Seneca Nation of Indians President Maurice A. John Sr. thinks a bill recently passed by the state Senate that would provide for tax collections on reservation sales to non-Indians is ''certainly veto-worthy.''
Whether Gov. David Paterson will veto the bill, passed in June by the state Assembly and last week by the state Senate, however, is uncertain. Gubernatorial Spokesman Morgan Hook said the bill has not yet been delivered to the governor's desk. It has 45 days to be delivered from the time it is passed. The governor then has 10 days for review. If no action is taken by him to sign the bill into law or veto it, the bill becomes law. Hook said, however, some bills do not get delivered in a timely manner. If the bill is not delivered by January, and the governor waits 30 days without action, the bill is automatically vetoed.
Hook said it is gubernatorial policy not to comment on what is expected of the governor within the time frames for a number of reasons, including stopping discussion on a bill that may be being sought if parties involved know a decision has been made before review occurs. Hook did say a press release will be issued once the governor decides what action to take on the matter.
The bill would make it illegal for tobacco manufacturers to sell cigarettes to any wholesalers who do not agree to stop selling tax-free cigarettes to Indian retailers.
''The Seneca Nation has one of the largest private-sector economies of any Native American tribe in North America,'' President John said in reaction to the senate's Friday passage of the bill.
He said the Nation will pursue all legal remedies to enforce federal treaty rights to sovereignty, which the Nation alleges are violated by state tax collection attempts.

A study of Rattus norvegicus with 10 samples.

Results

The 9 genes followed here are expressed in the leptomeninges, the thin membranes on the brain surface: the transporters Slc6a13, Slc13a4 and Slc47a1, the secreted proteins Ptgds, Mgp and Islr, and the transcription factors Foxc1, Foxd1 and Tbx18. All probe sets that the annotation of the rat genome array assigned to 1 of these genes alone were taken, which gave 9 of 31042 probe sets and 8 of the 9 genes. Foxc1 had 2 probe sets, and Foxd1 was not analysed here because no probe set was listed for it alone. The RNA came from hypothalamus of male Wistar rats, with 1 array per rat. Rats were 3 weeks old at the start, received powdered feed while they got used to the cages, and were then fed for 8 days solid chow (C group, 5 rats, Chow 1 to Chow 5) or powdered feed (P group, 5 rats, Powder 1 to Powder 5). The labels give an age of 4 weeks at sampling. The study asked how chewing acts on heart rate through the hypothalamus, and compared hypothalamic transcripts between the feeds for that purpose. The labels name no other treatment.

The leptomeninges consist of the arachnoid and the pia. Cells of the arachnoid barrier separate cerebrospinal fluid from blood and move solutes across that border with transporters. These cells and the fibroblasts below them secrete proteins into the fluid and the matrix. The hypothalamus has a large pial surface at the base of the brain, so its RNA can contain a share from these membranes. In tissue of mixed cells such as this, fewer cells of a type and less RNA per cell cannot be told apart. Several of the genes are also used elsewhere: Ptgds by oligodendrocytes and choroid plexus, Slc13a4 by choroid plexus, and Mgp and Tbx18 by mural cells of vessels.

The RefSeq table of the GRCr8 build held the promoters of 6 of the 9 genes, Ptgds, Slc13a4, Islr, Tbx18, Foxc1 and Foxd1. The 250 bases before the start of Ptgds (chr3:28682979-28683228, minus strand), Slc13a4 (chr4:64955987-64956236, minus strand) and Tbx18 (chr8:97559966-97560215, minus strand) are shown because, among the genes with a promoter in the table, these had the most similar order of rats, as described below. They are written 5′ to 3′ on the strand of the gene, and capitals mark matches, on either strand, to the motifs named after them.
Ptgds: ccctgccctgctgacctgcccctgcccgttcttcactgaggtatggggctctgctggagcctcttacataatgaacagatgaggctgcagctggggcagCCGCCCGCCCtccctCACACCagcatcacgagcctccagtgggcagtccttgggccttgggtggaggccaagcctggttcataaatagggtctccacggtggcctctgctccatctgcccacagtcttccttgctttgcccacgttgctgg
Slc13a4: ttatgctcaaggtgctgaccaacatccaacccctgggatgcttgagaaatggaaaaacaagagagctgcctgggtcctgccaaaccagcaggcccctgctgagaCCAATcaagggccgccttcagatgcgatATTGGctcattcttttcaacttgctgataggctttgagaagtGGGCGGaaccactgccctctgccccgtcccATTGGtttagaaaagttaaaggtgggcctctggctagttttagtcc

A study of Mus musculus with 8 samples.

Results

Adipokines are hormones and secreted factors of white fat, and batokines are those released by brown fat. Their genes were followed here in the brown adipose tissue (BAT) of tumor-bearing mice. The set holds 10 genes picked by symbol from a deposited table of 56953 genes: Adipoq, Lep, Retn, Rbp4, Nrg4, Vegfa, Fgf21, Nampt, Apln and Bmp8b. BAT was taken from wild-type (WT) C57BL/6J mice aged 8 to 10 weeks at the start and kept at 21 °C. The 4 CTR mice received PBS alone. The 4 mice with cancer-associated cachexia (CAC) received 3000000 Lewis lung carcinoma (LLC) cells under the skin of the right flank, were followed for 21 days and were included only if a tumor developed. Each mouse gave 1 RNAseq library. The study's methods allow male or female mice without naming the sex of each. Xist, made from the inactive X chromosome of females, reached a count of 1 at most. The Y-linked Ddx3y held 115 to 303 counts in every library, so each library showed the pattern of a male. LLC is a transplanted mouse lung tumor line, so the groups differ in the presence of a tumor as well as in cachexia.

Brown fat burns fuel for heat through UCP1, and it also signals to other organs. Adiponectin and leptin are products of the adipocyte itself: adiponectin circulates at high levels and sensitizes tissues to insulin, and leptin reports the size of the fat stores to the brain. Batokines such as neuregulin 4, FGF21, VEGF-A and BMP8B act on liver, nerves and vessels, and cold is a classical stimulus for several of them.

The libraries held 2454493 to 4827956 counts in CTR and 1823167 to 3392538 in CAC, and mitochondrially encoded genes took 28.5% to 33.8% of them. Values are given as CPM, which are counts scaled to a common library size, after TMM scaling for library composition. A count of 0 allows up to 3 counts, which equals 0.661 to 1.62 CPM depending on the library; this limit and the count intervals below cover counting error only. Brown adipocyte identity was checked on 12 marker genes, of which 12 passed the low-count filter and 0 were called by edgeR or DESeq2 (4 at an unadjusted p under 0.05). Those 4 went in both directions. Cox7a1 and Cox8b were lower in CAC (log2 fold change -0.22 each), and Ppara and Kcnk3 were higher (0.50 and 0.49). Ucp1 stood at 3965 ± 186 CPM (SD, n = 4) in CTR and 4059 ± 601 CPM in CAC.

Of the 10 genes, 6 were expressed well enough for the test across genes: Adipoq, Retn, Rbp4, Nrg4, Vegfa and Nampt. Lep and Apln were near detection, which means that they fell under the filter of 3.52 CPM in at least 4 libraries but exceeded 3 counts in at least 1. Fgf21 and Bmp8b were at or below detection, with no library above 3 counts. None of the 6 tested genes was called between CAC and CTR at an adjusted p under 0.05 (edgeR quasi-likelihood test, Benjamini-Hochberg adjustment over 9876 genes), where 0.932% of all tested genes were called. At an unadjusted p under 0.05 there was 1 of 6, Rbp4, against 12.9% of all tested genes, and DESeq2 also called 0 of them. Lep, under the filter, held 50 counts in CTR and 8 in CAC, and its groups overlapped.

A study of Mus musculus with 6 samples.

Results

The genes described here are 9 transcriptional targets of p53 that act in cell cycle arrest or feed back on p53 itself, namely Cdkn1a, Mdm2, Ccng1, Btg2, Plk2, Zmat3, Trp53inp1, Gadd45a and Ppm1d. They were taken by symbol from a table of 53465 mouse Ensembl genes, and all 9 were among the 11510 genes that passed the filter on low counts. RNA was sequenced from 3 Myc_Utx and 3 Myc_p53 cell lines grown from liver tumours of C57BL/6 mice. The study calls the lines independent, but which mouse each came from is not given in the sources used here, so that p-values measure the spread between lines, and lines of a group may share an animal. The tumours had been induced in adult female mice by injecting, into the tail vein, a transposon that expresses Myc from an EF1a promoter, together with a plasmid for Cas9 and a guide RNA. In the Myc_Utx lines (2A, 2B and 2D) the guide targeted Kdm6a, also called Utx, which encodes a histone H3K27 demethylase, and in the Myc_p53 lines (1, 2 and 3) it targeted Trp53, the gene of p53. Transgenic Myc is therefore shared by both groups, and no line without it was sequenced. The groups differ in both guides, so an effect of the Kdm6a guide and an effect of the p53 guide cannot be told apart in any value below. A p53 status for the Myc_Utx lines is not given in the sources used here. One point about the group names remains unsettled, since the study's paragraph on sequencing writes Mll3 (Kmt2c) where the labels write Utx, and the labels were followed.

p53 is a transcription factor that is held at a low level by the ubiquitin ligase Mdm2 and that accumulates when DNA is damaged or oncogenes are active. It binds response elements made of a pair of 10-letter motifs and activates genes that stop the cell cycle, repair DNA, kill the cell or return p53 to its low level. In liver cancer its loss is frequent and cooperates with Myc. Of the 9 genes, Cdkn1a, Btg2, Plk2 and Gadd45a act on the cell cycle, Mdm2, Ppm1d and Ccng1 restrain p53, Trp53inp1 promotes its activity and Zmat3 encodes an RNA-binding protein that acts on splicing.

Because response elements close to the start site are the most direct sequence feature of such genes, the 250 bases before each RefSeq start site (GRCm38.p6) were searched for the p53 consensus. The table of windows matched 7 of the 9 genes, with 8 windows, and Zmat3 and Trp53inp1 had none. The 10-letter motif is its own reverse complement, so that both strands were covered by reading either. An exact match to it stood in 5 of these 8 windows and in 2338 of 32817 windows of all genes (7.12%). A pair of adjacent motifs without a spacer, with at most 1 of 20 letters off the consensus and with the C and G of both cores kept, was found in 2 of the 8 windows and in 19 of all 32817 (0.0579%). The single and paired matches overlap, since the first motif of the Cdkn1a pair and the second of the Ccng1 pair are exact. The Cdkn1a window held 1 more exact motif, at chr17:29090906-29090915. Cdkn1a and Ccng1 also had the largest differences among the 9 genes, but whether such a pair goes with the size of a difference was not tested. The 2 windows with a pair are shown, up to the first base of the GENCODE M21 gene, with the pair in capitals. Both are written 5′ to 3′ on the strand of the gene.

''We will always act to protect the Seneca people's rights because our treaties are the supreme law of the land, and this bill violates our right to free commerce,'' he said.
''Further, legislation that would adversely impact the Western New York economy by damaging a $200 million Seneca retailing sector, while violating treaties between the United States and the Nation, is certainly veto worthy,'' said John.
''The state Legislature should not try to help close its budget gap by denying the right of purchase to the Seneca Nation and its licensed retailers or by jeopardizing the jobs and livelihoods of more than 1,000 Seneca and non-Seneca families involved in our retail economy,'' he said.
''We understand the demands on state legislators seeking re-election this year, but we would not that the strong majority of Western New York voters and consumers elsewhere as well have long supported the Nation's right to commerce and right to sell tax-immune products, while they enjoy their own freedom to shop where they choose,'' he said.